SCOTT SIMON, HOST:
Companies and corporations are in business to make money for themselves, their workers, their stockholders. But can they make too much? Ralph Nader thinks Apple hit that limit earlier this month when it became the first trillion-dollar publicly traded company in the United States. Mr. Nader wrote a blistering blog post about what Apple is and isn't doing with that money. He joins us now from Connecticut. Mr. Nader, thanks for being back with us.
RALPH NADER: You're welcome, Scott.
SIMON: What's wrong with Apple sitting on all that money?
NADER: Well, they just announced earlier this year - a $100 billion stock buyback adding to previous stock buyback without asking the shareholders, institutional and individual, their opinion or even their approval. So the point I was making is it could've been used to increase employees. It could've been used to shore up the pension fund. It could've been used - 2 percent of it, Scott, to double the income of the serf laborers - 1.3 million Chinese laborers in the contractor that builds the iPhones. It could have had 2 percent of 100 billion to improve the recycling of used computers and phones, which are endangering both the environment and the workers. It could've been put in productive investment. It could've been put in research and development. It could've been sent to cash dividends back to the shareholder, but no.
SIMON: Just follow up on a couple of points. Apple, I think, would say that, in fact, they have worked strenuously to greatly improve worker conditions in their Asian factories. And they have some pretty ambitious programs about green technology and recycling. Do you accept that?
NADER: Well, they have said that, and they've done a little of that. But they're starting from a very low base. The kind of income that the Chinese workers are making under tremendous pressure by their contractor is really not a living wage, even in China. And certainly, you know, NPR has reported on how the corporations demanded the tax cuts from Trump and the Republican Congress last year. Why did they demand it? So they could have more capital to engage in productive investment and jobs.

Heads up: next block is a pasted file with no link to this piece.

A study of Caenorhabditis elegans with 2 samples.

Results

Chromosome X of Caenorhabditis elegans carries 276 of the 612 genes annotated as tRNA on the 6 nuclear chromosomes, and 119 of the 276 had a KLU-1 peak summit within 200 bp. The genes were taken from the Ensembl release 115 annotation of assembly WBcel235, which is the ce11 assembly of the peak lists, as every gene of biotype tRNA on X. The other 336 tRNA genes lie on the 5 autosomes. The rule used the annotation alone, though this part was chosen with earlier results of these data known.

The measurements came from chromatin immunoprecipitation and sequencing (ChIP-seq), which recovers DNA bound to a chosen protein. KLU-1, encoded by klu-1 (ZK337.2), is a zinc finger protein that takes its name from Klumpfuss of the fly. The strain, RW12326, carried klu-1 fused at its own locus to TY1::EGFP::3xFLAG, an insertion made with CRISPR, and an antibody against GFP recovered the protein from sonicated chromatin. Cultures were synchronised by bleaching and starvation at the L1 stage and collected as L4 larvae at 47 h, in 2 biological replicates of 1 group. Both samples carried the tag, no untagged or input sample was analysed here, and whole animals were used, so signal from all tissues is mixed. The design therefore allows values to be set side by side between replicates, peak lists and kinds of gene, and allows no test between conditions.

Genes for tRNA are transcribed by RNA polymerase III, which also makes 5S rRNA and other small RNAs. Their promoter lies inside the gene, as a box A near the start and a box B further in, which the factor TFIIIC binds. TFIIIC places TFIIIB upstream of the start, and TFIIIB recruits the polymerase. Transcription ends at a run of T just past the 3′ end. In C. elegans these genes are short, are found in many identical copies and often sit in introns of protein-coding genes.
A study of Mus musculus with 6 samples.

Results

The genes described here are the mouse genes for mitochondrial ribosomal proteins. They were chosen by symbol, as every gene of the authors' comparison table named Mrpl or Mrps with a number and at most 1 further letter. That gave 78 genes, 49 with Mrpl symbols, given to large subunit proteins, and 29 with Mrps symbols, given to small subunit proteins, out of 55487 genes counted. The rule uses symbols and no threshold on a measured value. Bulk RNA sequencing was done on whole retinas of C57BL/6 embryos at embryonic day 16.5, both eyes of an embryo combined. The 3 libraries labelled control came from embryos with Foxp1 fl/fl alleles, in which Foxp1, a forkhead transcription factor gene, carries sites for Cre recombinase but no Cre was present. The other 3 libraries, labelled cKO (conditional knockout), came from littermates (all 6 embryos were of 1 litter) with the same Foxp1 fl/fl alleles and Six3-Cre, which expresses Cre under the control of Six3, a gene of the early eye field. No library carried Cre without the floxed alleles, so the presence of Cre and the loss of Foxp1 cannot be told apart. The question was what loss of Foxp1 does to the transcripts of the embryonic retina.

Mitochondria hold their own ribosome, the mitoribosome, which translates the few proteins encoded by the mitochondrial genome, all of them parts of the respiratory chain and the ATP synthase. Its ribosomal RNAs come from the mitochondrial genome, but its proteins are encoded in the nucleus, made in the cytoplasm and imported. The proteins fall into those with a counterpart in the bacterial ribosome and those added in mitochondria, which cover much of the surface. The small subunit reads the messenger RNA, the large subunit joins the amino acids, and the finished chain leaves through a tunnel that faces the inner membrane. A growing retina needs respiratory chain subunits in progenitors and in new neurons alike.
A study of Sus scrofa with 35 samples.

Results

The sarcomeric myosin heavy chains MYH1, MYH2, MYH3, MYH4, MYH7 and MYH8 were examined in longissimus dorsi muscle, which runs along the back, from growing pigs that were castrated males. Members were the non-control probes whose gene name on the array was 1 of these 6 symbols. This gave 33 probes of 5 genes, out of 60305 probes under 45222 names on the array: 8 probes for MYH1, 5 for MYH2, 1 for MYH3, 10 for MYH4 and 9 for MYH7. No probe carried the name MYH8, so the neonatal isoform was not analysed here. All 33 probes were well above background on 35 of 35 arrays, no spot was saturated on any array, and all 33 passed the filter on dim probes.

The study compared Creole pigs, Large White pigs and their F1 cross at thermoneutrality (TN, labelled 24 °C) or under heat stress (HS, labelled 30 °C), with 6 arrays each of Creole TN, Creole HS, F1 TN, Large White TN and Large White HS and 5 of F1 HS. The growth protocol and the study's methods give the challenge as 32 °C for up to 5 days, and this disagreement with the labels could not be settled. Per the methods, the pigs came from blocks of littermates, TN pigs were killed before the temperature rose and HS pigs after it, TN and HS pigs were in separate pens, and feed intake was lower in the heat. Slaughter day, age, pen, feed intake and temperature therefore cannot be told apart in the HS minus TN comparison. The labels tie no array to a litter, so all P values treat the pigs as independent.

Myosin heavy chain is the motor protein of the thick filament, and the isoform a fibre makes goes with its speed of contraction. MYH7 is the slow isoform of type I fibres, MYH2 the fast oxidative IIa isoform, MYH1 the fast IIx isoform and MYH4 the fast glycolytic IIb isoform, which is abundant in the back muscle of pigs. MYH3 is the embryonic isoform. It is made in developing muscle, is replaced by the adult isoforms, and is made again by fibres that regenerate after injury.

Well, what they didn't admit is if they wanted all this capital, why have they spent $7 trillion - these companies in stock buybacks since 2005 - which is double the federal government's current entire budget if they needed capital for productive investment? Stock buybacks do not create any jobs. They don't create any productive investment. And they're a signal to corporate observers that, while people like Tim Cook know how to make a lot of money for the company, they don't know really what to do with it other than to enhance their own executive compensation package.
SIMON: Still, it's a remarkable turnaround for Apple, isn't it? I mean, just a couple of decades ago, I think they were on the brink of extinction.
NADER: There's no doubt. It was a great turnaround. But under Steve Jobs, stock buybacks were prohibited. He paid himself very little. When Tim Cook came over, everything changed. And while they know how to make enormous money with their overpriced iPhones, they don't know how to productively use it. And Marxists of many decades ago would never have dreamed that corporations would pile up all this capital and not know how to use it productively.
SIMON: Mr. Nader, do you own an iPhone?
SIMON: Apple laptop?
SIMON: On principle or just because you prefer other products?
NADER: One, I want to get a day's work done, so I'm not involved in email and all the nonsense. I'm very available by phone - our office never has voicemail. Human beings answer the phone (laughter). And I use an Underwood typewriter. When the electricity goes out with a thunderstorm, I'm still working, Scott.
SIMON: Ralph Nader, consumer advocate and author of many books, including now the paperback "Breaking Through Power: It's Easier Than We Think". Mr. Nader, thanks so much.
NADER: It is easier than we think. Thank you, Scott.